October 16, 2013
Tony Mendez, the real-life ‘Argo’
Tony Mendez is no longer a spy for the CIA, but the qualities that helped make him one of the best — his wit and unassuming personality — were on full display Oct. 8 at the Writers Guild Theater in Beverly Hills, at an event hosted by 30 Years After, a local Iranian-American Jewish group.
Mendez’s heroic rescue of six Americans hiding in the Canadian ambassador’s residence in Iran during the 1979 revolution there made him famous via the Ben Affleck film “Argo,” which won three Academy Awards at the Oscars this year.
At the theater, Mendez and his wife, Jonna Goeser, who was also a CIA agent, took the stage to discuss his career. Before the event, Mendez, 72, and Goeser sat down with the Journal to discuss the art of spy craft, their work with the CIA and how they met on assignment in Thailand.
“When you go into enemy territory, you have to have already reckoned with the idea that you are not going to come back,” Mendez said. “Nobody’s going to come looking for you. Part of the game is to not get caught.”
During the interview, the organizers, prepping for the presentation, projected a scene from “Argo,” of enraged Iranian protesters about to storm the embassy gates, into the near-empty theater, interrupting Mendez.
“[It] still puts me on edge,” he said of the movie.
He said the film was accurate in its portrayal of Tehran at the time he was there as an American spy, and he admitted he still has dreams about the mission “and other operations like it.” Mendez retired from the CIA 23 years ago, in 1990.
Goeser admitted that after she and Mendez saw “Argo” for the first time, at a private screening in Washington, D.C., they both cried.
During the interview, Goeser pointed out that one aspect of the mission the film did not explore was that a file on Mendez himself was in the American embassy when the Iranians stormed it. Six months earlier, shortly after the revolution, Mendez had entered Tehran, scooped up an American who was stranded there, and made it through the Mehrabad International Airport (where Revolutionary Guards were looking for Americans) to safety outside the country.
Still on file at the CIA station inside the embassy was a full guide on how to get past Iranian airport security, complete with a picture of Mendez — perfect information for Iranian counter-intelligence.
“When they [the Iranians] went in and took over the embassy, it was not clear, of course, whether that file had been burned or shredded or was intact,” Goeser said.
Before the event, Mendez and Goeser signed books (Mendez recently co-authored a book, “Argo,” with Matt Baglio) and took pictures with guests at a VIP reception; then all of the 400 attendees filed into the theater.
Tabby Davoodi, 30 Years After’s executive director, thanked Mendez, noting this would be his first-ever speech to an Iranian-American group.
“Tony, you were there on the ground in January 1980, when a lot of the people in this room were in Iran,” Davoodi said. “A lot of the folks here were either escaping the country or trying to put their lives back together.”
Goeser guided the conversation, frequently pausing midsentence to allow the very witty Mendez to speak, often with dry (and dark) humor.
“There are rumors that the Iranians are going to make their own movie,” Goeser said, setting up Mendez for one of his several one-liners. “They are going to make a movie, and they are going to tell in their movie ‘the truth.’ ”
Mendez responded, without cracking a smile, “I can’t wait to see who plays me.” The audience burst into laughter.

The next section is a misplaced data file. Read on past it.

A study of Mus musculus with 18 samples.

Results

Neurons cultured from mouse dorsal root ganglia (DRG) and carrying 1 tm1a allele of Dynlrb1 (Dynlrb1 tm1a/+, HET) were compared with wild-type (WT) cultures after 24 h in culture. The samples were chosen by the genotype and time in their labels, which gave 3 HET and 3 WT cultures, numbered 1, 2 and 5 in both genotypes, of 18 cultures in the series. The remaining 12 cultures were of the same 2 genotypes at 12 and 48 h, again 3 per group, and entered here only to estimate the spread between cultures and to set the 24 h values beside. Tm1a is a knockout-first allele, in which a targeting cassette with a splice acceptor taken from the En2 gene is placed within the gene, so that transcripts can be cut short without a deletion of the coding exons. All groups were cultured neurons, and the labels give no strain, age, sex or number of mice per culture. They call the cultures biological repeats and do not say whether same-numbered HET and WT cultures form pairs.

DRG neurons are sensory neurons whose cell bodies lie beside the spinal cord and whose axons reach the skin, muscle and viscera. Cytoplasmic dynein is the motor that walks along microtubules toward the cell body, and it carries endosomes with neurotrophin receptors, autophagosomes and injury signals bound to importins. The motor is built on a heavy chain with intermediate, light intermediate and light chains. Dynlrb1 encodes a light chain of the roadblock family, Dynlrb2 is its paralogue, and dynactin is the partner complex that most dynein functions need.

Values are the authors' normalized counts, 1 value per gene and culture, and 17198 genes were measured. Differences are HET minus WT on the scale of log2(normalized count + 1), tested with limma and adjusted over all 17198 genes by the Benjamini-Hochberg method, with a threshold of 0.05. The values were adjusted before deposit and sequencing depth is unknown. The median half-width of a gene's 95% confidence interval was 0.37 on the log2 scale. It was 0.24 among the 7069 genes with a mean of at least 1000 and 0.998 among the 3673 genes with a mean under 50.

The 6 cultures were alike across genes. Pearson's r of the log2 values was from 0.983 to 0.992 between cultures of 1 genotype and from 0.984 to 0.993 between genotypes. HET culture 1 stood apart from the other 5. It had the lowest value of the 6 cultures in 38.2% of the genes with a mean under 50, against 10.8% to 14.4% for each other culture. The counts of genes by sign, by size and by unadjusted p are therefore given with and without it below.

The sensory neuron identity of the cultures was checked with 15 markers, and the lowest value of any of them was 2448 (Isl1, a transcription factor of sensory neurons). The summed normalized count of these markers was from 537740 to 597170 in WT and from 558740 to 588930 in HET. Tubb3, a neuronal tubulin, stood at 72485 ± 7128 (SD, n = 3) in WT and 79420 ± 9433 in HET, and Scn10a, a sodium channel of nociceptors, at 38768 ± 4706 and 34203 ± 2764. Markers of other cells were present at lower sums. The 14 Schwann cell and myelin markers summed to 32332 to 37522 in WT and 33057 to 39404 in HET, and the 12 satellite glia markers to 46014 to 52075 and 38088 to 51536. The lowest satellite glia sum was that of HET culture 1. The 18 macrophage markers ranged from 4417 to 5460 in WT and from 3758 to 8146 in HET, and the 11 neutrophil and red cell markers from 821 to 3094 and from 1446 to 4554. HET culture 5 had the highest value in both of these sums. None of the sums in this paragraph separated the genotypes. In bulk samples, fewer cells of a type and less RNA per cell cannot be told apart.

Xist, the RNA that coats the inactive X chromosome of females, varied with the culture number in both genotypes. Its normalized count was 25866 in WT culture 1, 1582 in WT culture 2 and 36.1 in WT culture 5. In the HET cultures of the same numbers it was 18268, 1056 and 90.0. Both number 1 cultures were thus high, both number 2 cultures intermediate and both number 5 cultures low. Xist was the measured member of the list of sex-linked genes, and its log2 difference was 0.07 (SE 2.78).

His quiet, reserved nature and quick mind, which served him well on the streets of Tehran, kept the audience hooked to his every word.
Mendez described how he became a master of disguise with the CIA. As a young artist in Denver, he answered a job posting in the Denver Post saying the Navy was looking for artists.
“I sent in my letter and my samples, and before you know it, I was being interviewed by somebody who was clearly not in the U.S. Navy,” said Mendez. “[The CIA was] hiring artists to do false identities.”
Amid occasional breaks to screen scenes from “Argo,” Mendez went on to describe how he convinced the CIA and White House to set up a fake film studio in Los Angeles that would produce a fake science-fiction thriller named “Argo” to provide his cover story when he went to Iran pretending to be a Canadian filmmaker.
When Mendez came to Los Angeles to set up Studio Six Productions, he worked closely with his friend and makeup artist John Chambers to make their studio and their “film” look entirely legitimate.
They rented office space in what is now the Sunset Gower Studios in Hollywood. In fact, they moved in just as Michael Douglas left following completion of “The China Syndrome.”
Why, Mendez asked rhetorically, did he want to call the fake movie “Argo”?
“Because that was a punch line in a knock-knock joke that we used to tell when times were getting a little tight,” Mendez said, prepping the audience for the movie’s most memorable line.
“Argo ef yourself, Khomeini,” he concluded, keeping it rated PG.
Goeser added that, at the CIA, when people wanted to express a certain emotion, they just said, “Argo.”
“Everybody knew what you meant,” she said, smiling.
During audience questions, many people asked for the couple’s opinions on today’s tensions surrounding the Iranian regime’s hostile relationship with the West.
Mendez offered few thoughts, and Goeser said her advice to the American government is to “be very, very careful” when dealing with the Iranian government.
One of the final questioners asked Mendez if he had an alcoholic beverage when the plane on which he and the six Americans were on left Iranian airspace.
“Jonna and I never do wheels-up without a Bloody Mary,” he replied.
And that’s what he and the ex-hostages ordered on the Swissair flight as it left Iranian airspace.